I recently wrote an article for Investopedia that examines whether it is possible to live life completely free of debt and credit cards. In my opinion, it is possible, though it does limit your options.
Some people argue that the ability to finance such purchases affords people opportunities they would not otherwise have—the opportunity to attend a prestigious private university, for example. Others see the easy availability of financing as a serious handicap for those who choose to take advantage of it. After all, how fun is it to pursue your dream of going to law school when you’re racking up $100,000 worth of debt in the process, thus locking yourself into a needing that high-paying lawyer job to pay off your loans regardless of how much you end up enjoying the work? Some people aren’t terribly bothered by debt, but others feel trapped or have found themselves living one paycheck away from financial disaster because of their debt.
Here are some additional thoughts on living without debt in specific areas where people commonly take on large amounts of debt.
Your monthly budget will be easier to manage when you don’t have a car payment, and insurance costs less on older vehicles.To purchase a car with cash, you should have at least $2,000 saved up (that’s $1,000 for the best twenty-year-old car you can find, and $1,000 for the repairs it will inevitably need). Saving up $2,000 is considerably more manageable than saving up $10,000.
If you’re afraid you’ll spend the money before you can save what you need, set up a high-interest savings account at an online bank and have money automatically transferred every month from your checking account to your separate savings account. The idea here is that you won’t need to have the discipline to actively save the money, and you won’t spend it since you won’t see where it’s going, but eventually the money you need will all be tucked away. In the meantime, structure your life in such a way that you don’t really need a car—live close to work or school and walk, bike, take the bus, or give a friend some gas money for anywhere else you need to go. You’ll appreciate your car that much more if you make yourself earn it. Just ask anyone at a bus stop—no matter how hard it is to get around without one, car ownership, especially new car ownership, is a privilege, not a right.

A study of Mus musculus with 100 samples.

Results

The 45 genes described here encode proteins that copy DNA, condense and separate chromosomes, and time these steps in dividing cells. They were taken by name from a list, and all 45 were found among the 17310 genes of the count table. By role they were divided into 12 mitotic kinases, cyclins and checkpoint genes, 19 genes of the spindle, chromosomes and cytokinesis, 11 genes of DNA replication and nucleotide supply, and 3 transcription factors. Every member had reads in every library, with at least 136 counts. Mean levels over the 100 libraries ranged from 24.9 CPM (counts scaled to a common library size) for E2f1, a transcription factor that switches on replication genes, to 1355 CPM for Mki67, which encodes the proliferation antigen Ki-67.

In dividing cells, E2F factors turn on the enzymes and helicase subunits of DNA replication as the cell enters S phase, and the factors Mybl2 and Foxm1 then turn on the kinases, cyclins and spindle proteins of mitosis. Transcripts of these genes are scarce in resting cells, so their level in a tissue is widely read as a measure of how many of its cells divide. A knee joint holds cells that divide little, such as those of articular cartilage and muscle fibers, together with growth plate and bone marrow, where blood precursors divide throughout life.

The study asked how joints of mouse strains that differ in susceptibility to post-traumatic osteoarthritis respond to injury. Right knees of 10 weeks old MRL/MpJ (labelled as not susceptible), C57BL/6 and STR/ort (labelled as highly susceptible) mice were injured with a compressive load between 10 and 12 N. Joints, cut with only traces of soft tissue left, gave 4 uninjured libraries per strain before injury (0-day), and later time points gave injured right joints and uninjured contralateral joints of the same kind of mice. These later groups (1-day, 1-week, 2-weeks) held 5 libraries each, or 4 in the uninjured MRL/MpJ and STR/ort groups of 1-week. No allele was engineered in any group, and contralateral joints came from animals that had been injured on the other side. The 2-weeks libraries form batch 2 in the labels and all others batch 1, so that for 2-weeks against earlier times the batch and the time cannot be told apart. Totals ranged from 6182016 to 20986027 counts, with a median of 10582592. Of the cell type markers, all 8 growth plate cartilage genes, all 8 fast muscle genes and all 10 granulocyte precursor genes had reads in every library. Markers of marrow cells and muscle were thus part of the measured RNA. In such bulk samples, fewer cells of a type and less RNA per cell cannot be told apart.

If you choose to work until you have enough money saved up to pay for school, or do both simultaneously, you’ll want create a resume and look for an office job—those generally pay more than retail and service jobs.
If you’ve successfully graduated from high school, you probably have the skills to make at least $10 an hour somewhere. By securing a job in this pay range, you’ll reach your financial goals almost twice as quickly as you would making minimum wage, and your feet won’t hurt at the end of the day. If you don't know how to get your foot in the door for a job like this, go to a temp agency--there's a good chance they can help you.
Hopefully these suggestions, along with the ones in my latest Investopedia article, will give you some inspiration to lead a debt-free life if such a lifestyle appeals to you.